When Pakistan was struck by a major earthquake earlier this week, one of its side effects seemed to capture the attention of the news services: several hundred miles from the shock, a small island rose above the waves of the Arabian Sea. Could America see the same thing when we get our next big earthquake? Very possibly.
Details are sparse, but at least two new islands appeared off southern Pakistan in the hours after the distant shaking stopped. The one shown in the photo was about 100 yards long, about half as wide and about 50 feet high. It was peppered with bubbling mudpots emitting enough methane gas to be an explosive hazard.
The signs are those of mud volcanism, a kind of cold eruption powered by high-pressure underground fluids. In this case the fluid would be natural gas (methane) and probably some brine along with it. The distant earthquake presumably caused this by disturbing a delicately balanced situation in which the fluids were very close to eruption already. Perhaps the gas had been seeping out in a stable way, and the extra shaking pushed it too far. Perhaps a near-shore landslide set things off. The best guess is that deeply buried beds of methane hydrate "ice" released a large amount of gas after the shaking.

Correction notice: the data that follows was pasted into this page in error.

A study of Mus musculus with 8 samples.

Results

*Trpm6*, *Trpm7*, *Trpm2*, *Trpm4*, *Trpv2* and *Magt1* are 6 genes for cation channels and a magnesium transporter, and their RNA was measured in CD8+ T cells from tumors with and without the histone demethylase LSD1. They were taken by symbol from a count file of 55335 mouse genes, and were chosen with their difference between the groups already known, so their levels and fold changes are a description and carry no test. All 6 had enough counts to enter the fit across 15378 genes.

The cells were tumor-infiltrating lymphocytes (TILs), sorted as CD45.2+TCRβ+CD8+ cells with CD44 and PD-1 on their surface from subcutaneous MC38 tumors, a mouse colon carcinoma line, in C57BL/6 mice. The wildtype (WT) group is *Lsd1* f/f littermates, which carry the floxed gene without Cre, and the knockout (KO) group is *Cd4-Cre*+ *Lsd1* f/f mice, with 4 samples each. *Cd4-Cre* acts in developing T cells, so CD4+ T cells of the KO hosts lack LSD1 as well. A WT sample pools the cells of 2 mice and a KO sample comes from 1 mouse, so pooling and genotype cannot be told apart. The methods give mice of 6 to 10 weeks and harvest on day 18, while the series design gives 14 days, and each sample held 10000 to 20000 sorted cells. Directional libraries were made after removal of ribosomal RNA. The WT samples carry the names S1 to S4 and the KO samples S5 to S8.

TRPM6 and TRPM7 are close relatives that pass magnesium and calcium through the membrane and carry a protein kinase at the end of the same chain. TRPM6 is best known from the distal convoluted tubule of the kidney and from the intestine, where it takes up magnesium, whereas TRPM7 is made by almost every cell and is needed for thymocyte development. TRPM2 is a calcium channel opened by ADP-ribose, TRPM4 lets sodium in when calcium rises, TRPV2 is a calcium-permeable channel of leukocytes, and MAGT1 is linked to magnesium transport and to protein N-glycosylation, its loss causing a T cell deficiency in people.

Only an expensive, rapid scientific expedition can allow us to learn the real scenario, and that won't happenthe sea will wipe the island off the map in a few months. But we can look at the general tectonic setting at the large scale, courtesy of the U.S. Geological Survey's earthquake viewer.
Tuesday's earthquake and its aftershocks appear as dots in the mountains of Baluchistan. The new island appeared at Gwadar. Tectonically, this area, known as the Makran, is being squeezed and crumpled as Arabia pushes northward into Eurasia. The natural gas in the young rocks of the Makran and the offshore sediments are free to move in this settingit is as if the Yucatan were pushing the Gulf of Mexico shut against New Orleans, allowing the buried oil and gas (and methane hydrates) of the Gulf to escape.